Three major interstates lead to Florida. Interstate 95 begins in Maine, runs south through the Mid-Atlantic states, and enters Florida just north of Jacksonville. It continues south past Daytona Beach, the Space Coast, Vero Beach, Palm Beach, and Fort Lauderdale, ending just south of Miami.
Interstate 75 begins in Michigan at the Canadian border and runs south through Ohio, Kentucky, Tennessee, and Georgia, then moves south through the center of the state before veering west into Tampa. It follows the west coast south to Naples, then crosses the state through the northern section of the Everglades, and ends in Miami. Despite its interstate status, the Interstate 75 stretch between Naples and just west of Fort Lauderdale levies a toll each way per car, with higher tolls for motor homes, boat carriers, and such.
California and most southern and southwestern states are connected to Florida by Interstate 10, which moves east from Los Angeles through Arizona, New Mexico, Texas, Louisiana, Mississippi, and Alabama. It enters Florida at Pensacola and runs straight across the northern part of the state, ending in Jacksonville.
To save time and money while on the road, you may want to purchase a SunPass for your personal or rental vehicle. It provides a discount on most tolls, and you’ll be able to sail past collection booths without stopping. You also can use SunPass to pay for parking at Orlando, Tampa, Palm Beach, Miami, and Fort Lauderdale airports. (SunPass now interfaces with North Carolina's Quick Pass and Georgia's Peach Pass.) With SunPass—transponders can be purchased for $4.99 to $25, at drugstores, supermarkets, or tourism welcome centers—you can charge up with a credit card and reload as needed. For more info, check out www.sunpass.com.
Unless you’re going to plant yourself at a beach or theme-park resort, you really need a vehicle to get around in Florida. Rental rates, which are loaded with taxes, fees, and other costs, sometimes can start around $35 a day/$160 a week, plus the aforementioned add-ons. In Florida you must be 21 to rent a car, must have a credit card, and need to know rates are higher if you're under 25.
Alamo. 29207. 877/222–9075; www.alamo.com.
Avis. 67054. 973/496–3500; www.avis.com.
Budget. 6 Sylvan Way, Parsippany, New Jersey, 07054. 800/218–7992; www.budget.com.
Gold Coast Car Rental. A locally owned, one-outlet operation near Port Everglades in Fort Lauderdale. 300 S.E. 6th Ave., Fort Lauderdale, Florida, 33316. 800/421–8752; 954/522–0665; www.goldcoastcruiseandflyparking.com.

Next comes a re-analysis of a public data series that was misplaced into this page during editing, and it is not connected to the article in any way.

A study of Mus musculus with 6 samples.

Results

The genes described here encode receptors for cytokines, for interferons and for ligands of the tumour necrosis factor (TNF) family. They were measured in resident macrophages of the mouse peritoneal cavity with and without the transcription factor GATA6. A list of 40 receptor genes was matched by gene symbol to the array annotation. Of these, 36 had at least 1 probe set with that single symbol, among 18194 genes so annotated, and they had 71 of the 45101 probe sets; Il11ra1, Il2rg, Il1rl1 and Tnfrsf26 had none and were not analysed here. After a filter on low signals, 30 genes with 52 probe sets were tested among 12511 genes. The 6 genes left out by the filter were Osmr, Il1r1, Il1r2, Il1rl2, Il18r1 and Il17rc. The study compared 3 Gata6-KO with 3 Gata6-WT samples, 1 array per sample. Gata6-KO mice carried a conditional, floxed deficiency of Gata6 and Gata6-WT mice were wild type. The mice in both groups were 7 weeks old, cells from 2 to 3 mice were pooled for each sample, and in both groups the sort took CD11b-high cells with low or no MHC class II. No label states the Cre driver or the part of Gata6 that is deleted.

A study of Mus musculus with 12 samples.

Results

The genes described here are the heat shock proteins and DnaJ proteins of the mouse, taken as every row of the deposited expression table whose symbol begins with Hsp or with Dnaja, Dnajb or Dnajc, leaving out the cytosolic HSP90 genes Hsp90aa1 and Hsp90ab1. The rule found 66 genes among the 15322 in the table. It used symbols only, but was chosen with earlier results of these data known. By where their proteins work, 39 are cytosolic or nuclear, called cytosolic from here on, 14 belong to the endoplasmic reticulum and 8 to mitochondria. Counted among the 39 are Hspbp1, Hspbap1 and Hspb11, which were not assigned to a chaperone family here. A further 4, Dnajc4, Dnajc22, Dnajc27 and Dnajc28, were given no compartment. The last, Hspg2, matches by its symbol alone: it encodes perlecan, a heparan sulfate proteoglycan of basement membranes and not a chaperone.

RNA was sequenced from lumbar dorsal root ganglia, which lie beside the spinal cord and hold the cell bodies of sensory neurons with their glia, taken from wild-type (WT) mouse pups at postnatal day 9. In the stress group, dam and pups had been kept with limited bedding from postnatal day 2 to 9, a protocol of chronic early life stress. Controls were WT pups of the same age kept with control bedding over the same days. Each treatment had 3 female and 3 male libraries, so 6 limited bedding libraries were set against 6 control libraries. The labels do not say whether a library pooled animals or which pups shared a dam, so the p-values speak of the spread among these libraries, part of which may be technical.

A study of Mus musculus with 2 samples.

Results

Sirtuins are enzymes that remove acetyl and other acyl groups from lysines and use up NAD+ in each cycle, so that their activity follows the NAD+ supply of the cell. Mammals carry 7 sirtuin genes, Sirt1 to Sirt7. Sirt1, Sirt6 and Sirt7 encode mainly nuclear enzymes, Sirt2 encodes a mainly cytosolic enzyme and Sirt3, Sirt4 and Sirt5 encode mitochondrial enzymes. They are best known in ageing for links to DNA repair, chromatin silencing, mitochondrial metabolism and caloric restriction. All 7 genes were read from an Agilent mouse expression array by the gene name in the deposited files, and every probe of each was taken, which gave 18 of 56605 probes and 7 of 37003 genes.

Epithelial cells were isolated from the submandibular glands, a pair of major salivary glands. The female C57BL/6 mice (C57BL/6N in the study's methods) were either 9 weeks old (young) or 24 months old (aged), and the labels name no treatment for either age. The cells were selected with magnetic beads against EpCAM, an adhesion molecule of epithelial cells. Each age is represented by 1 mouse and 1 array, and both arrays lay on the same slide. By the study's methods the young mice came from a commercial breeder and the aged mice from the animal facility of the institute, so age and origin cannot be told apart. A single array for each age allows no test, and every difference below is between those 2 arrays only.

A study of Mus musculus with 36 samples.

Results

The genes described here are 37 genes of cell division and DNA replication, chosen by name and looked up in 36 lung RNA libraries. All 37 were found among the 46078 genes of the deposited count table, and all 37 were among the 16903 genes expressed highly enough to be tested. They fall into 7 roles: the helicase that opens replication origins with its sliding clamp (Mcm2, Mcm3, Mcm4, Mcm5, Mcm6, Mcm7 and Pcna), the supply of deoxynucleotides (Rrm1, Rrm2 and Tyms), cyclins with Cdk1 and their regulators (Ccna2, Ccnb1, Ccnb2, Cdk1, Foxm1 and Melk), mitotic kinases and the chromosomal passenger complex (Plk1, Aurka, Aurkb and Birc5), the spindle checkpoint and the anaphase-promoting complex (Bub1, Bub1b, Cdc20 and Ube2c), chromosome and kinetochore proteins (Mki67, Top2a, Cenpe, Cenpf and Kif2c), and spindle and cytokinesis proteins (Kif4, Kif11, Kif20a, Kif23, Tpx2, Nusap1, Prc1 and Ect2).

Hertz. 34108. 800/654–3131; www.hertz.com.
National Car Rental. 63105. 800/881--5500; www.nationalcar.com.
Sunshine Rent A Car. A locally owned Florida agency with outlets at the Fort Lauderdale and Miami airports. 321 W. State Rd. 84, Fort Lauderdale, Florida, 33315. 888/786–7446; 954/467–8100; www.sunshinerentacar.com.
Downtown areas of major cities can be extremely congested during rush hours, usually 7–9 am and 3:30–6:30 pm or later on weekdays. Florida has a website (www.fl511.com) with real-time traffic information for six regional zones.
Rules of the Road
Speed limits are generally 60 mph on state highways, 30 mph within city limits and residential areas, and 70 mph on interstates, some Orlando-area toll roads, and Florida's Turnpike. Supervising adults must ensure that children under age seven are positioned in federally approved child car seats. Infants up to 20 pounds must be secured in rear-facing carriers in the backseat. Children younger than four years old must be strapped into a separate carrier or child seat; children four through five can be secured in a separate carrier, an integrated child seat, or by a seat belt. The driver will be held responsible for passengers under the age of 18 who aren’t wearing seat belts, and all front-seat passengers are required to wear seat belts.
Florida's Alcohol/Controlled Substance DUI Law is one of the toughest in the United States. A blood-alcohol level of 0.08 or higher can have serious repercussions even for a first-time offender.